In a world that’s usually carefully polished and curated, imperfection and even outright ugliness - the quirky, the messy and the flawed - are taking on new appeal. They provide an unfiltered, all too human version of reality that reflects the diversity seen in everyday life.

The rise of the internet saw the interaction between brands and consumers shift from a one-way, faintly sermonising form to an interactive two-way conversation. Brands could still have their say but now, suddenly and strangely, their contribution was part of a dialogue. A back and forth. Consumers could talk back and, for the first time, brands needed to not only brace themselves for the truth, but embrace what people had to say and respond swiftly
and accordingly.

While we are not suggesting all brands can suddenly become casual about making mistakes or losing their aspirational sheen, there exists a tangible consumer appetite for less plastic perfection and more reality. And therein lies the opportunity for brands to have a bit of fun.

Hashtags such as #Fail, #Awkward, #FML and #Random dominate social networks revealing a more honest and authentic discourse that eschews airbrushing our experiences and rewards humorous and real accounts of life. Ugly selfies, disastrous baking attempts and stories beginning with ‘That awkward moment when...’ populate the internet on websites such as Pinterest Fail and Cake Wrecks.

So what’s the attraction of the imperfect?  Is it that we can relate better to each other and know where we stand? Are flaws a badge of authenticity and individuality? Do they make us more human? Or is it driven by the recognition that the pursuit of perfection has gone too far?

Nothing lasts, nothing is finished, and nothing is perfect.

The Japanese aesthetic 'Wabi-sabi' nurtures all that is authentic by acknowledging
three simple realities. 

This burgeoning appetite for imperfection is not just limited to the online sphere.  The popular TV series, Girls, is known for its provocative take on the ugliness and awkwardness of dysfunctional relationships.  Lena Dunham, the series’ creator, said Girls reflects a part of the population not portrayed in the 1998 series Sex and the City.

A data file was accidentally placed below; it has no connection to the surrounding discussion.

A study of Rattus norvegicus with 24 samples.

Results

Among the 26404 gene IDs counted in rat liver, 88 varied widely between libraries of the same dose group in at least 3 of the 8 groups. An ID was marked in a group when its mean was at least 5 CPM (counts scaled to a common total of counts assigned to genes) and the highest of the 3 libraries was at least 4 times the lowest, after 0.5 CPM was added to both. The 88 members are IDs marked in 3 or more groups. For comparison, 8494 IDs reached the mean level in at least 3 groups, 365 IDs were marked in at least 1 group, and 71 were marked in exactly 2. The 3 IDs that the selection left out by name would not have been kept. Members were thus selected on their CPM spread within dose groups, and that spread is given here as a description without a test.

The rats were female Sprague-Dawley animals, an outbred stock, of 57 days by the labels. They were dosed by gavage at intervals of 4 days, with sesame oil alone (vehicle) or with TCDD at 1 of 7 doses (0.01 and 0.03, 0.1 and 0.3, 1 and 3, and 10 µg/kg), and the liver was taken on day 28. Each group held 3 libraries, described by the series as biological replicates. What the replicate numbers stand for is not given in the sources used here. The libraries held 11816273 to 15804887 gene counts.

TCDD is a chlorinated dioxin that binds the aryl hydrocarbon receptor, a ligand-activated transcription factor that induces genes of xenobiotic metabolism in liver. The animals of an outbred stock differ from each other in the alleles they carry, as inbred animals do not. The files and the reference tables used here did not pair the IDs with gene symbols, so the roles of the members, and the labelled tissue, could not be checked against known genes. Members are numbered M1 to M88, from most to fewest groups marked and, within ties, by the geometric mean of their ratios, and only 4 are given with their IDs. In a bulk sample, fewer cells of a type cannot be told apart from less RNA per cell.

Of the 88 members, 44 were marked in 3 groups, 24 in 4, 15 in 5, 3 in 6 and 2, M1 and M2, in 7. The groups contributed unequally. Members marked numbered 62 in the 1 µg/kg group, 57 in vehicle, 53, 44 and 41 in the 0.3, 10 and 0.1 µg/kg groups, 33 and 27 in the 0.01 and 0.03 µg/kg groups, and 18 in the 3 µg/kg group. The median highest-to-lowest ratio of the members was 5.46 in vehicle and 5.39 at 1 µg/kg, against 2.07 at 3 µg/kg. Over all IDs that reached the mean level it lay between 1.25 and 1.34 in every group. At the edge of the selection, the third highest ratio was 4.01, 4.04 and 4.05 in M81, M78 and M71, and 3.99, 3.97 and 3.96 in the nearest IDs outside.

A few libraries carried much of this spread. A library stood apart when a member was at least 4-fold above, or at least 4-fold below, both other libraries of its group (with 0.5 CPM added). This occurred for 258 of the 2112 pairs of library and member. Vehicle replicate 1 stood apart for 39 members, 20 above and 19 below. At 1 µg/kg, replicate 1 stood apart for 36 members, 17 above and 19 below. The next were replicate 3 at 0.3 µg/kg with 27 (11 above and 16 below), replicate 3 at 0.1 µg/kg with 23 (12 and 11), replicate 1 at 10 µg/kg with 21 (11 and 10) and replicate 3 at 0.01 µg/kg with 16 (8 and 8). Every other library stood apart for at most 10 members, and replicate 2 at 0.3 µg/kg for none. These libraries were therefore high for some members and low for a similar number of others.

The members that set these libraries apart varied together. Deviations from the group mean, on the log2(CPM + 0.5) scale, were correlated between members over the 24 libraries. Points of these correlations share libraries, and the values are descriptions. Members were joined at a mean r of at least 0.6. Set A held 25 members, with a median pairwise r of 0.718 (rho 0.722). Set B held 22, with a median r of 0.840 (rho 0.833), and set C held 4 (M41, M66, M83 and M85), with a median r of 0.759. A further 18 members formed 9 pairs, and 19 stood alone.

Sex and the City 1600 x 900

In recent weeks in Ireland, we have seen the phenomenally successful #nomakeupselfie campaign for cancer research sweep across facebook with women in our own social networks uniting together, donating €4 and posting photos of their bare faces, some with flattering light and blurry lens, others with a no holes barred honesty that wasn’t bothered with airbrushing.  

The ‘proudly imperfect’ trend has been evident in communications since Dove launched their Campaign for Real Beauty. Details of this trend, published in January, illustrated lots of great examples of the backlash against airbrushed ideals from the Aerie Lingerie campaign to restaurants where all the produce used was crooked and ‘ugly’, to parenting which has become a bit less controlling and forced. It remains to be seen how far this trend will stretch into other categories. Many communications are still highly stylised and full of beautiful people. Could consumers accept less than perfection from FMCG products or a premium brand?

Life doesn’t resemble a Pinterest board but sometimes it is nice to sidestep the mundanities of life and enjoy a little escapism.